Friday 26 January 2018

Expat living / Stephanie Suga Chen

Trailing spouse is the dismissive name given to the non-working wives, and sometimes these days the house husbands, who trail along to expat postings in their partners' high-flying wakes.

Stephanie Suga Chen, a former investment banker and partner of a New York City-based private investment fund, moved to Singapore in 2012 with her husband, two children and elderly cocker spaniel. She is the author of a newly-released fictionalized memoir, Travails of a Trailing Spouse, in which she unveils the thrills, craziness, and frustrations, of being a trailing spouse.

Here Stephanie discusses her debut novel, and briefly reviews three other books about expat life in Asia.

Many people have asked about the title of my book, Travails of a Trailing Spouse. By many people, I mean my mother, who told me that it was hard to pronounce. She also asked what travails and trailing spouse meant - to those who are also wondering, feel free to check out the FAQ on my author website.

Actually, I had struggled for months to come up with a title that aptly summarized the themes of marriage, friendship and self-discovery that the book covers. The original working title was It Has to be Me: Life, Love and Friendship in Singapore, but it was discarded by my publisher as being too long and, sounding too much like a non-fiction memoir.

To be clear, I do identify with the main character, Sarah Lee, an American woman who leaves her high-powered career when her husband receives a can't-refuse job offer in Singapore, but the story is fiction: Was my husband actually arrested? Did I really find mold all over my apartment? Was Singapore Prime Minister Lee Hsien Loong's name truly brought up in a marital fight? I'll leave the reader to wonder!

I mulled over various potential titles, including An Expat Wife in Singapore: Life on a Dependent Pass, a reference to the appropriate-yet-unfortunate name of the pass that trailing spouses are issued, but that was dismissed as well, as were Life and Love Abroad; An Expat Adventure; Sarah in Singapore, and about a dozen other incarnations. None seemed to convey the humour and lightheartedness of the book in addition to its more serious themes.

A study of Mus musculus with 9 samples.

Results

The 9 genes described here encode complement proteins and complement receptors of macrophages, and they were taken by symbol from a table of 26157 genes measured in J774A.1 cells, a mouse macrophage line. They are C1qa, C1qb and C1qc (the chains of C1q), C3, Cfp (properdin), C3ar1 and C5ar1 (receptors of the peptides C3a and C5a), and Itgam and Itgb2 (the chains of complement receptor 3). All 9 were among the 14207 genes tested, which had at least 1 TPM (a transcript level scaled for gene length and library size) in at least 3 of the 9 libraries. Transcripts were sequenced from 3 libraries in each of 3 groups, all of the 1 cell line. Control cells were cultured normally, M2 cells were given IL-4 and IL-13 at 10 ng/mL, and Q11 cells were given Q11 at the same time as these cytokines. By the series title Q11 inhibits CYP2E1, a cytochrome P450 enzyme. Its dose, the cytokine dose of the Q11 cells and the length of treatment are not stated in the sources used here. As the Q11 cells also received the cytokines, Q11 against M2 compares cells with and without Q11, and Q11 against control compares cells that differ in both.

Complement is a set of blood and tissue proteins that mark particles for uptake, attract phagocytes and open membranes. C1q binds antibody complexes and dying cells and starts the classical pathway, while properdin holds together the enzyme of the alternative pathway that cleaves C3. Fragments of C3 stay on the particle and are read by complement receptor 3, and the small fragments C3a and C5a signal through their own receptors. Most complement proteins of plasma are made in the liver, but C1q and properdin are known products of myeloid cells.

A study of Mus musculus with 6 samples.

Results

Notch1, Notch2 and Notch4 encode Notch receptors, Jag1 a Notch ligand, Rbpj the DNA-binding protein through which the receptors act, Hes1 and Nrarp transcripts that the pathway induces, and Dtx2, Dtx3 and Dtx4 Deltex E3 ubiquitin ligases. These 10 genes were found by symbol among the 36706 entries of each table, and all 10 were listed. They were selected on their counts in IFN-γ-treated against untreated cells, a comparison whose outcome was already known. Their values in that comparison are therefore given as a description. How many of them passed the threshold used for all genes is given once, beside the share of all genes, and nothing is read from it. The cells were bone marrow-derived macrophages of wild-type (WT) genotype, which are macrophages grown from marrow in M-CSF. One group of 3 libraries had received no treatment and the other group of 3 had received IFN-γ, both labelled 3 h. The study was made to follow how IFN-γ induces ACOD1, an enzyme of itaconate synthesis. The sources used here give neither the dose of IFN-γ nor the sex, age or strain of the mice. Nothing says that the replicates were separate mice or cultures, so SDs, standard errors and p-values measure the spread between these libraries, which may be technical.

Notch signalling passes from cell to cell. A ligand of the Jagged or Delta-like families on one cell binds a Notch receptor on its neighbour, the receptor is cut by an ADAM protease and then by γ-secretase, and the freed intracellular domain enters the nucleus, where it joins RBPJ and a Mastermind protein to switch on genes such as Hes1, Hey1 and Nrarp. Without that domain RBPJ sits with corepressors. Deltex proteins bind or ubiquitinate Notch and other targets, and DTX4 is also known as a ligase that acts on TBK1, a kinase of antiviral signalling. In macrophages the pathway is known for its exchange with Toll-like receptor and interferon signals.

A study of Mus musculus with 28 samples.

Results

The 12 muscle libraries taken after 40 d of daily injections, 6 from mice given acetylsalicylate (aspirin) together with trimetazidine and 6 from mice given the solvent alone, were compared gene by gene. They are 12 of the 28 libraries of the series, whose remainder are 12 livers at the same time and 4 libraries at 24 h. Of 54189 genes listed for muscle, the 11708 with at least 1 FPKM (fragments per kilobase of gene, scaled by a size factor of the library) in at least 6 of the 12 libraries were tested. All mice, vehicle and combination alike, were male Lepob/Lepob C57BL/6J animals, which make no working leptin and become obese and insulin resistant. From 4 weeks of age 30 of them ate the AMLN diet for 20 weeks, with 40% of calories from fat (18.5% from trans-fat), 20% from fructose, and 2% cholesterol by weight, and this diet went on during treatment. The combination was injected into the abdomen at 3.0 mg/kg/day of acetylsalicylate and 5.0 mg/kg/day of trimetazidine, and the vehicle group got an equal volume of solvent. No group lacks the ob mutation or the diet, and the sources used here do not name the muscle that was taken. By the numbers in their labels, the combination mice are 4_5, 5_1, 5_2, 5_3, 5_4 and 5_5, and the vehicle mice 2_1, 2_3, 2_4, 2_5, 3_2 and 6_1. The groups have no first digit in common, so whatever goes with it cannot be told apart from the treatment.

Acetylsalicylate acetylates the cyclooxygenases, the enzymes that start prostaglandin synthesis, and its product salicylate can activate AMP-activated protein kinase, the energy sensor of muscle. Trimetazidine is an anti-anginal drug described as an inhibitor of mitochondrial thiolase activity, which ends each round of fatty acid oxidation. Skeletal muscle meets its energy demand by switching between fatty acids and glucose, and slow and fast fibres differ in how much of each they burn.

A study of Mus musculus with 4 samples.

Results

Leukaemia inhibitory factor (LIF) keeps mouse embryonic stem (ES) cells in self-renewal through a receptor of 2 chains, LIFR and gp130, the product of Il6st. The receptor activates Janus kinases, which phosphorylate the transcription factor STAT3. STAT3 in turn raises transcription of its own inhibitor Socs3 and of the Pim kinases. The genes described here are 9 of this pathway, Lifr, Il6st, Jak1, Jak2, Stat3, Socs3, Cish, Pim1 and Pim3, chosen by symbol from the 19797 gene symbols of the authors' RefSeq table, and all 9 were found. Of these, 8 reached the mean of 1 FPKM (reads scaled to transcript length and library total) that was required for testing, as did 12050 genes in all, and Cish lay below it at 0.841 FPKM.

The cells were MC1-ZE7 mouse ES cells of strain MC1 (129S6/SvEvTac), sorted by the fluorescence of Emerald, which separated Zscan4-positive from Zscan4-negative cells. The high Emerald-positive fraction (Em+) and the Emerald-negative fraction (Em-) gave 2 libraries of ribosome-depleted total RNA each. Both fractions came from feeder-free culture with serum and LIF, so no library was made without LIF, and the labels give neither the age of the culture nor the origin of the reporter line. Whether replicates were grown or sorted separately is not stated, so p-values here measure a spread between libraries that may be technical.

Frustrated, I went online and entered a handful of keywords in the search bar, to see if the Internet could offer me any suggestions, and also to make sure I didn't use a title that had already been taken. Here are notes about three of the books I came upon - all of them about expat life in Asia.

The Expatriates, by Janice Y.K. Lee 
A beautifully written novel about three expat women living in Hong Kong, The Expatriates covers some pretty heavy topics, including infertility, infidelity, and family tragedy. Mercy is a 27-year-old Korean-American Ivy League grad who, after failing to find a career commensurate with her education, came to Hong Kong three years ago for a fresh start. Margaret is a trailing spouse who needs a babysitter to help with her three children on a family vacation. Hilary is from San Francisco; she has a domestic helper, a driver, and a country club membership, but is desperate for a child. The three women's lives intersect in this quite sombre novel.

Diary of an Expat in Singapore, by Jennifer Gargiulo 
A compilation of posts from the author's blog of the same name, this book contains 44 short, amusing chapters that can be read in any order. My personal favorite is Chapter 8, Stuff Expat Moms in Singapore Say - #12, Lombok is the way Bali used to be. There's a bit of repetition and it probably appeals more to expats in Singapore than to more general readers, but all-in-all, it's a fun read. If you do happen to be an expat living in Singapore, it would be a great book to have on a side table in your guestroom for overnight visitors to leaf through before bedtime - that is, if you're lucking enough to have a guestroom and one that's big enough to have a side table!

The Expat, by Patricia Snel 
Originally published in Dutch, The Expat is a suspense thriller and contains the requisite amount of expat decadence, suspicious-acting husbands, steamy sex scenes, and a touch of human-trafficking thrown in. What else do you need for a good beach read?

Now, back to my own Travails of a Trailing Spouse - it was my publisher who finally suggested the title, and, on reflection, I concluded that it was indeed perfect for my novel. The phrase trailing spouse sums up a lot, capturing the sentiment of feeling dependent on, and less significant than, one's partner, and the word travails adds just a bit of exaggeration to provide levity to the front cover.

Travails of a Trailing Spouse is published in paperback by Straits Times Press, priced in local currencies.